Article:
To Know How You Stand 2.0: Week Two Blog by Lottie Titcombe
Phase 1: Ensemble ideas – complete.
Last weekend, we came together after a week away from the rehearsal room, in which each ensemble member went away to complete research tasks in their own time.
Research is essential for the nature of this project, namely because our focus is specifically on how protest has changed in 50 years at Warwick University. From this, we also start to ask questions about how we think protest on campus might look in the future. As we enter the next stage (Phase 2) of the rehearsal process – editing, selecting and devising our material – it is important that the work we produce responds in some way to historical events on campus in the past.
How do we gather this information?
Reading books, listening to oral testimonies from students, academics and other staff through the Warwick Oral Histories project, exploring old University and Student Union websites and archives online, talking to different people on campus.
Saturday and Sunday morning were devoted to research feedback: each member of the ensemble explaining to the rest about a particular decade in Warwick’s history: by the end we had a near complete overview of Warwick’s protest history, from 60s – today, and beyond.
Interesting discussion points that surfaced from our feedback:
The founding principles of the University
Patterns in events over time, e.g. recurring occupation of Senate House: how it is seen as a political symbol for many Warwick students
What does protest mean to different people?
Points of View: University/student narratives, of the past and present
Does the idea of protest divide students?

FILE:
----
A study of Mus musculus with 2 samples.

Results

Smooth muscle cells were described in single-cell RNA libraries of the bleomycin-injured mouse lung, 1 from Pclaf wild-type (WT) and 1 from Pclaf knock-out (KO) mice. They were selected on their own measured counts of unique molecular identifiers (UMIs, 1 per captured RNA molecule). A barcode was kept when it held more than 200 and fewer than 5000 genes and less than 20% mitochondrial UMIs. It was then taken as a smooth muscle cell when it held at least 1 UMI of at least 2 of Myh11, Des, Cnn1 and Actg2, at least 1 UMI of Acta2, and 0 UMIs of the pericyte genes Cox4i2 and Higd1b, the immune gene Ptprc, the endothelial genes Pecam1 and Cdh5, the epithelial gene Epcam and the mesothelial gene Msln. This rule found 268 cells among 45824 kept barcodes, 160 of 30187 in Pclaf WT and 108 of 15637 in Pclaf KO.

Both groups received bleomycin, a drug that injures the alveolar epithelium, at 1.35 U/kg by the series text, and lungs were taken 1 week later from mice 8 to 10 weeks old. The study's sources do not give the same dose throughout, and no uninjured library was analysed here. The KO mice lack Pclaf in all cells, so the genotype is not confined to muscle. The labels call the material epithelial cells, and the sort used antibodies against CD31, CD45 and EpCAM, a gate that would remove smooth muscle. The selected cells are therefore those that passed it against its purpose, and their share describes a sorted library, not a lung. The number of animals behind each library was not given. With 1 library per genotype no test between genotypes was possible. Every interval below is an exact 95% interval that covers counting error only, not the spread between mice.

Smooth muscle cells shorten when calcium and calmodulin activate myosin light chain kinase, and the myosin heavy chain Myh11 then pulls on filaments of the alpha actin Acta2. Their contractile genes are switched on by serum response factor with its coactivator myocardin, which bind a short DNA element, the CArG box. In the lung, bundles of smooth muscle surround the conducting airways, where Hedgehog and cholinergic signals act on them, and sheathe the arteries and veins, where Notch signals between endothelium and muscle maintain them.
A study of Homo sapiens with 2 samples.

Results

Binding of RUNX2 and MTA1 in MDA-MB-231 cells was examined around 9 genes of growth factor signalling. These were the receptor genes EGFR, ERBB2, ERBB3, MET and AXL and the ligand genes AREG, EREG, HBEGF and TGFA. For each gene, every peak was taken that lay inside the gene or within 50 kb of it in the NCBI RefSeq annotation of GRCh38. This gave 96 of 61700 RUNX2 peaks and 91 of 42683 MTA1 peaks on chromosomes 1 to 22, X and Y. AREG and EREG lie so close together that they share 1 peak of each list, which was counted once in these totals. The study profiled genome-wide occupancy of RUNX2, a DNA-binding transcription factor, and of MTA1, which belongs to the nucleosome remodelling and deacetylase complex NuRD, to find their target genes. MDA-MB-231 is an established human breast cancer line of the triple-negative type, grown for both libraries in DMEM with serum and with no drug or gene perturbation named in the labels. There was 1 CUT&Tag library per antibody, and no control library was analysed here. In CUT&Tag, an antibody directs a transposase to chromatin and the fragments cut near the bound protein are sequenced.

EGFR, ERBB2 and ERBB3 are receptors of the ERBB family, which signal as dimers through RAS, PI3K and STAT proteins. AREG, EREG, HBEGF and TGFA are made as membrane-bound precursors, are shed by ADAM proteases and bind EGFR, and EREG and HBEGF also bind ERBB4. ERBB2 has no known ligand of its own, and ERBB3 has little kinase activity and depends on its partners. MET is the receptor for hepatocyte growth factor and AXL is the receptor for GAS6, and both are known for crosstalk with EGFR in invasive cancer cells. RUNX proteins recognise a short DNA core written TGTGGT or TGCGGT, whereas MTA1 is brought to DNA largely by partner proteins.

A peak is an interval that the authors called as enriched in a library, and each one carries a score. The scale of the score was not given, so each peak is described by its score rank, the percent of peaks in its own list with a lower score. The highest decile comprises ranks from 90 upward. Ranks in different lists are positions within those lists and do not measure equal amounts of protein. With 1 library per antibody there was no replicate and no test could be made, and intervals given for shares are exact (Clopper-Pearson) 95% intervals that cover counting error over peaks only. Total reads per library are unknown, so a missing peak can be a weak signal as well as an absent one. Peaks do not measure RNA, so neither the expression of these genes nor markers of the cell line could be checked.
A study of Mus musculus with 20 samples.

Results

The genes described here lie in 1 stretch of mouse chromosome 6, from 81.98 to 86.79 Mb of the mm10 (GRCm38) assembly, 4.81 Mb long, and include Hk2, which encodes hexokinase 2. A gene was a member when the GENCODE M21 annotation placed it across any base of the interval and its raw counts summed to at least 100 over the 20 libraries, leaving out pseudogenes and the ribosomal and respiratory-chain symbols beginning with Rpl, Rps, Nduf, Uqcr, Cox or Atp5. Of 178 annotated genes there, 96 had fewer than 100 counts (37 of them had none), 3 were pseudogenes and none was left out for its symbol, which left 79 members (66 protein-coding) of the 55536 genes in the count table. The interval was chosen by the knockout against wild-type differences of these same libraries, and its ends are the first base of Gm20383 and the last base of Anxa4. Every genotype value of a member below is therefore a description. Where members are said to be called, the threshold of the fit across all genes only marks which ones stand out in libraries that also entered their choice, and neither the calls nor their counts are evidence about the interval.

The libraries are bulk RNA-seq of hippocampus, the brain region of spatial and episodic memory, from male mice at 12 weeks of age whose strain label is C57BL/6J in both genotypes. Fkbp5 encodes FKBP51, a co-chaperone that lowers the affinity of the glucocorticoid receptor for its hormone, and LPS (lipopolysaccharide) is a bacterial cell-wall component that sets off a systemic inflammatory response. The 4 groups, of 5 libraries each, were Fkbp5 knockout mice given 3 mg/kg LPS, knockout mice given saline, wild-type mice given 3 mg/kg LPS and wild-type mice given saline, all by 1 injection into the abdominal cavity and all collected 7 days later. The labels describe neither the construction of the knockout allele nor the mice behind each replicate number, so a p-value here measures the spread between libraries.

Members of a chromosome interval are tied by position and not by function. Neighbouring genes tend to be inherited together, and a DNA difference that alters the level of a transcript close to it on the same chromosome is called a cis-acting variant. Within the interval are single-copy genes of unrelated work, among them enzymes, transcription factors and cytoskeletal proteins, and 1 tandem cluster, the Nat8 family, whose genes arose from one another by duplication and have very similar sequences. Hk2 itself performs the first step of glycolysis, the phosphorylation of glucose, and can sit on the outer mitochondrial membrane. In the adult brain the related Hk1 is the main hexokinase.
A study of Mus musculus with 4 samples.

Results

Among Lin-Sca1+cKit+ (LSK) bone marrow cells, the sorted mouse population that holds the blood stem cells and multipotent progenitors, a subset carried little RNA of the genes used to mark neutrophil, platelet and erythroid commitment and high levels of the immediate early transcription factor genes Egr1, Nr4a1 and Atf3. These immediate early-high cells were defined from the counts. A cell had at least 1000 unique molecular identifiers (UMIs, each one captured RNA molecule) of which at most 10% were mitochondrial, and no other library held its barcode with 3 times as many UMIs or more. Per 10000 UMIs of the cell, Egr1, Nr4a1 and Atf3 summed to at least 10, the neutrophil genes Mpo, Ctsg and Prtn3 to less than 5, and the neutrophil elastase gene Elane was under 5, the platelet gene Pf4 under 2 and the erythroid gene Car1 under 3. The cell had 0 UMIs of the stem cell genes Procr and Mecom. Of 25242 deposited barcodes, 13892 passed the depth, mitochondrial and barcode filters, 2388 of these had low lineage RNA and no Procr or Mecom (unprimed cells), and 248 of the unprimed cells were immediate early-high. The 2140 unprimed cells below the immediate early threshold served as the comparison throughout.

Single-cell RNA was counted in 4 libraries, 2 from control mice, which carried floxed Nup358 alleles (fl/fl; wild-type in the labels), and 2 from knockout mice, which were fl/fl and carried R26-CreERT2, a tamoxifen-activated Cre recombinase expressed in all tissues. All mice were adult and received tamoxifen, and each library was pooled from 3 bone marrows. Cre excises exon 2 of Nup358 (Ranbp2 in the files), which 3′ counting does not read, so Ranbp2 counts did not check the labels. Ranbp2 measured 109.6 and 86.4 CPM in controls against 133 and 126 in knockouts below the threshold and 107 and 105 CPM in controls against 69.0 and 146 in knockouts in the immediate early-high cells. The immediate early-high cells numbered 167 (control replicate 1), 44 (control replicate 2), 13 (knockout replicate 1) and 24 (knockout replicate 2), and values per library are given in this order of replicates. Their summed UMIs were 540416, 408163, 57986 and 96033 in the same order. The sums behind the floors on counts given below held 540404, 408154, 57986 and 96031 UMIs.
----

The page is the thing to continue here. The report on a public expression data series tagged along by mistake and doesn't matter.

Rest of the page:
The ideal Warwick university student
Do students advocating protest hold a majority or minority view?
Relationship between local (on campus) and global protest movements
What our utopia might look like
Implicit trust of figures of authority
How do we respond?
Trial and error: we devise, try things out, play.
The ensemble is split into two teams. There is a line across the room. If you cross that line, you lose. But each team wants to get the other across to the other side.
Points of view: looking at political discourse, we write imagined narratives from the point of view of the University and students. What would a university narrative sound like? What would a student narrative sound like? Challenging our perceived understanding of people’s views. We mix our narratives up and put them together. Laughter ensues… mixed up they sound ridiculous, but they raise interesting points.
Like our rehearsal process ground rules, we decide on a unified vision of our utopia. Key points: empathy and compassion over fear, listening, debate, discussion. Difference is difference.
Starting to think about form, we return to exercises we tried out in the first weekend:
We dance to protest songs (there’s a lot of dancing in this rehearsal process): how do I feel after? We free-write on a piece of paper the first thing that comes into our head when we think about protest.
We dance again. We free-write. What do I want this show to be about?
Running exercise. Gearing up for protest, all in the breath, the body, the mind. Key words: ‘now’, ‘us’, ‘here’. Anyone can stop and say something. The ensemble give the individual speaking our whole attention. It’s their platform, their moment to speak. Say what they feel. Express what they want to say.
We explore rhythm and soundscapes once more. Listening to protest song
s we create a series of movements, we put them into a formation. Creating the feeling of protest: moments of anger, calm, empowerment, community, divide.
This show is starting to become a show. The next stage: what kind of experience do we want to create for the audience? What do we want the audience to take away from it? How do we want them to feel? We have two weeks left: all systems go from here. The need is urgent.